Africa news round-up

Published: June 13, 2016

Letshego move into West Africa economy.

Letshego braves choppy markets in Nigerian acquisition

Botswana-based microfinance bank Letshego has moved into West Africa by buying up FBN Microfinance, and managing director Chris Low hopes that its scale and resources should allow it to thrive despite difficult market conditions.

Botswana-based bank Letshego has acquired the microfinance arm of Nigeria’s FBN Holdings, taking it into Africa’s largest economy at a moment of significant regulatory and technological flux in the industry.

Letshego has built a successful business in banking, lending and insurance for low-income individuals across East and Southern Africa. The acquisition of FBN Microfinance takes it to a customer base of 385,000 across 10 countries. Nigeria, with a population of 180 million and a GDP of US$510bn, is a huge market, made more attractive by the relatively low penetration of financial services. At the moment it is estimated that some 65% of Nigerian adults do not have bank accounts. 

Chris Low, Letshego’s managing director, says that the company has been looking for a way into Nigeria for some time, but up until now has struggled to find the right entry route. FBN Microfinance, which has 28 branches around Nigeria, offered an opportunity to obtain a licence to take deposits, along with an established brand.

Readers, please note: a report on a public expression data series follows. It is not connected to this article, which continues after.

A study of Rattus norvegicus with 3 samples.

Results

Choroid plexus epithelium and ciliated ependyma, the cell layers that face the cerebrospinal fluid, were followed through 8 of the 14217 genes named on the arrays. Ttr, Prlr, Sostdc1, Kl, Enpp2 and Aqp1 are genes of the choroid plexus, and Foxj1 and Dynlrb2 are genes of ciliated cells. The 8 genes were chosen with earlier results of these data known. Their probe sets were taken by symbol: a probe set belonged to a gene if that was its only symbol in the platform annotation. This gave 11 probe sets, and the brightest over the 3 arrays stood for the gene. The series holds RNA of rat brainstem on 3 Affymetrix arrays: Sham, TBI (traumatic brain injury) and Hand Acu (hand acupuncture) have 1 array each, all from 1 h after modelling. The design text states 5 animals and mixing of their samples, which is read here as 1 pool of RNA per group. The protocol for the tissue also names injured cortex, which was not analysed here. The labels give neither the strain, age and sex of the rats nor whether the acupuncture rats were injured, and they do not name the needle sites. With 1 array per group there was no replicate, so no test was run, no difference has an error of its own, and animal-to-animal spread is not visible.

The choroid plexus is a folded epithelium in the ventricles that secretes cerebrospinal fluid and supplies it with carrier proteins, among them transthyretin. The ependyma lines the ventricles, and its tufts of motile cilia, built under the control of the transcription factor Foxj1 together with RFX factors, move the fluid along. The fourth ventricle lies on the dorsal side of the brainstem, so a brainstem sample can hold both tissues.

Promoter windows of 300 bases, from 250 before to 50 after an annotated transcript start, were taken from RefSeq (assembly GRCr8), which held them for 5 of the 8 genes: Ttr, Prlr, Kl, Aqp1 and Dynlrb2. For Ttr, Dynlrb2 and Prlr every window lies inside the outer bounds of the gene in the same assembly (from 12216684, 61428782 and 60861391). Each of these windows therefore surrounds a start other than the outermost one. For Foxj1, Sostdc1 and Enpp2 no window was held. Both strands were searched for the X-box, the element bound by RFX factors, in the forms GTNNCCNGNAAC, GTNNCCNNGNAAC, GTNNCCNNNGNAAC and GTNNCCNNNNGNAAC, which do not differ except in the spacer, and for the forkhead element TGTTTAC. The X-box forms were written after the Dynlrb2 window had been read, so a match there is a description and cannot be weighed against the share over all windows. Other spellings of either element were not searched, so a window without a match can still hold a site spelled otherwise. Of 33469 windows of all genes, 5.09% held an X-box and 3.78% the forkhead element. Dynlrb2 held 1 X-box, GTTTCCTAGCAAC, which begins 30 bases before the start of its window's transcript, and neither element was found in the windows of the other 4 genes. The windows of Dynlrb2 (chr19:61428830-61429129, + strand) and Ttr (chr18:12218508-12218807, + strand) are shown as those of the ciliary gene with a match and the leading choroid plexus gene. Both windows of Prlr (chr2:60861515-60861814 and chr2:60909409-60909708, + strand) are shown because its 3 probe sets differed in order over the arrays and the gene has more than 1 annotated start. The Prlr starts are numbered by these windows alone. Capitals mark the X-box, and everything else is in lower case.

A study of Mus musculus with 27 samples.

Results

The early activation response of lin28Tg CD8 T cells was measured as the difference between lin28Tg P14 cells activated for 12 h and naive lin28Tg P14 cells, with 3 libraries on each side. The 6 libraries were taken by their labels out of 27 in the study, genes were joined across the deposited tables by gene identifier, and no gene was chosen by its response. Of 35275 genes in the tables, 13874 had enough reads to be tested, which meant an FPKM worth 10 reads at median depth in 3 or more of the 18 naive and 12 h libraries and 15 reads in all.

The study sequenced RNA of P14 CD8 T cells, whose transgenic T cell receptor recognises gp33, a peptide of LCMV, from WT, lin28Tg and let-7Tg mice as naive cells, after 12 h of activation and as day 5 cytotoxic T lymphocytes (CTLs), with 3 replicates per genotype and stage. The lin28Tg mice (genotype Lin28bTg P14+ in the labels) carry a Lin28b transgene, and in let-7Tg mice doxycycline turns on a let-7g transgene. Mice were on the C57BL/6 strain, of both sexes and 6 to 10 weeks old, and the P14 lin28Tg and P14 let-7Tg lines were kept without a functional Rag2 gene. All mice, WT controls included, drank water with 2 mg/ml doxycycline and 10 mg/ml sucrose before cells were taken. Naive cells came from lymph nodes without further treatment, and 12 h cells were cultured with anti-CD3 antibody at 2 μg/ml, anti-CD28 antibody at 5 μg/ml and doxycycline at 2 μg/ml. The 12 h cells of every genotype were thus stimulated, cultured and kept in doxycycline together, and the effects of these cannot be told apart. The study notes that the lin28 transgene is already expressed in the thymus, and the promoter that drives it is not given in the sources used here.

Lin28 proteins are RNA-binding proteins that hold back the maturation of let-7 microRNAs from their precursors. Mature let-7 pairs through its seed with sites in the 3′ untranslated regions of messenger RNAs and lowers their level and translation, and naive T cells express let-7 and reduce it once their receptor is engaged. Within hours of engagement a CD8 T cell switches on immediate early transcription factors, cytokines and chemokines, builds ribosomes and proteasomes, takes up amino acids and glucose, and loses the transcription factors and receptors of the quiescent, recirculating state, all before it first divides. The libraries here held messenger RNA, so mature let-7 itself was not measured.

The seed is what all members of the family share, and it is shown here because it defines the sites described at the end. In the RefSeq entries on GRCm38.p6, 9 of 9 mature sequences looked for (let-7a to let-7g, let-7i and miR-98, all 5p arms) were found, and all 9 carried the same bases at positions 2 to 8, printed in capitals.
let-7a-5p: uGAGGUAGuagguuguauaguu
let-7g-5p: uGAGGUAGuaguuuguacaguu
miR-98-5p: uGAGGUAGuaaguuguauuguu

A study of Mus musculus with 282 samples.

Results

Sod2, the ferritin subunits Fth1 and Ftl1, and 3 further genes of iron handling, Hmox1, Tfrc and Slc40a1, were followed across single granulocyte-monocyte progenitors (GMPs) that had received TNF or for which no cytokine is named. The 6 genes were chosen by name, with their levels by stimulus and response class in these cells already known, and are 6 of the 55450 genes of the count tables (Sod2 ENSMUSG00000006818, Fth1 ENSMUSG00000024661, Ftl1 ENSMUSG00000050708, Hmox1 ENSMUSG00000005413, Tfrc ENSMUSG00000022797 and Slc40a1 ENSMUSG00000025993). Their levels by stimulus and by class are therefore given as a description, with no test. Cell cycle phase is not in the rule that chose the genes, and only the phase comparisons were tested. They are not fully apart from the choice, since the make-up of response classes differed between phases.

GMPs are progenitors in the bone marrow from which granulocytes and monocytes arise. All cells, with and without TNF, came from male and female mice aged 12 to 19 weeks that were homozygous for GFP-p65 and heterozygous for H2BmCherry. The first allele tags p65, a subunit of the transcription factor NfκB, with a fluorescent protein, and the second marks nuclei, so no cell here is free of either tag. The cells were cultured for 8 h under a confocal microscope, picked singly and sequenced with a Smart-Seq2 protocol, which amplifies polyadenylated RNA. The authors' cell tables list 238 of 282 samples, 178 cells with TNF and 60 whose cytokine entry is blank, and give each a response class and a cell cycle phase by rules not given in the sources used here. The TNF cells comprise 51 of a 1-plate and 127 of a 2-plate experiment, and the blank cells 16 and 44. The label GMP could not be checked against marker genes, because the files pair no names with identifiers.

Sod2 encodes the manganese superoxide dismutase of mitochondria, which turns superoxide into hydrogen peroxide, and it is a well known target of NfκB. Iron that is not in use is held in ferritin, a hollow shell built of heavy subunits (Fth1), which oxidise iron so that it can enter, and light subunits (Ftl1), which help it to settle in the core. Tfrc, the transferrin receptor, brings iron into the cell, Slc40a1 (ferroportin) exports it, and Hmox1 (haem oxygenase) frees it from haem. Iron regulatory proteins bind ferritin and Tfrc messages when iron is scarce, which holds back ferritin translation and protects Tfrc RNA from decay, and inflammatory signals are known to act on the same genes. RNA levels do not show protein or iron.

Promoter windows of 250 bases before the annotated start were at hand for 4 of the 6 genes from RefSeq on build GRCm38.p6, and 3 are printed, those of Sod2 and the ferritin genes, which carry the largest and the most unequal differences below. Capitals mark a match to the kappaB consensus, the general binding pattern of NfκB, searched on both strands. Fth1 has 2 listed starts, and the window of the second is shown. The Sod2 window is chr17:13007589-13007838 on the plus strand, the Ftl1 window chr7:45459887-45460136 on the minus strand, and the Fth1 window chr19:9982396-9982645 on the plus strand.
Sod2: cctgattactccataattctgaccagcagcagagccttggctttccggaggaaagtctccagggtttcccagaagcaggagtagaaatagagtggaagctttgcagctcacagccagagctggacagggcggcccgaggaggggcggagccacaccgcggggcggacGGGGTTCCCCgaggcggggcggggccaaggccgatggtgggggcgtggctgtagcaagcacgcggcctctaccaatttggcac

“The parent of the company we bought, FBN, is a high-profile, successful business in Nigeria, so it brings with it good governance, reputation, et cetera,” Low says.

Rapid growth

Microfinance, which as its name suggests entails the provision of small-scale financial products, typically credit and lending facilities, to consumers and enterprises. The industry was popularised by the Bangladeshi social entrepreneur Muhammad Yunus, who was later awarded the Nobel Peace Prize for his work with Grameen Bank. Yunus proved that lending small amounts of money to rural women had widespread positive impacts on their economic development and social outcomes, and that they were generally credit-worthy.

Over the past two decades, development finance institutions and charities have seized on the microfinance industry’s potential to deepen financial inclusion in developing countries.

However, at times the industry’s rapid growth has outpaced regulators’ capacity to oversee it. In several cases, smaller, badly-capitalised and badly-run lenders have collapsed, taking depositors’ money with them. In others, unscrupulous small operators have charged usurious rates. These failures have sometimes fouled the pitch for larger, legitimate operators and led to regulatory pushback in South Asia and Latin America.

At the same time, the rapid adoption of technology in the consumer finance sector, in particular mobile banking and payments, has changed the nature of the business, turning the costly branch networks that some organisations have built into a liability.

There are around 900 microfinance organisations in Nigeria, but most are small and operate out of a single location; only a handful have a licence from the central bank that allows them to take deposits. Across Africa, the microfinance business has become fragmented, with a wide range of players encompassing an almost equally wide range of governance standards.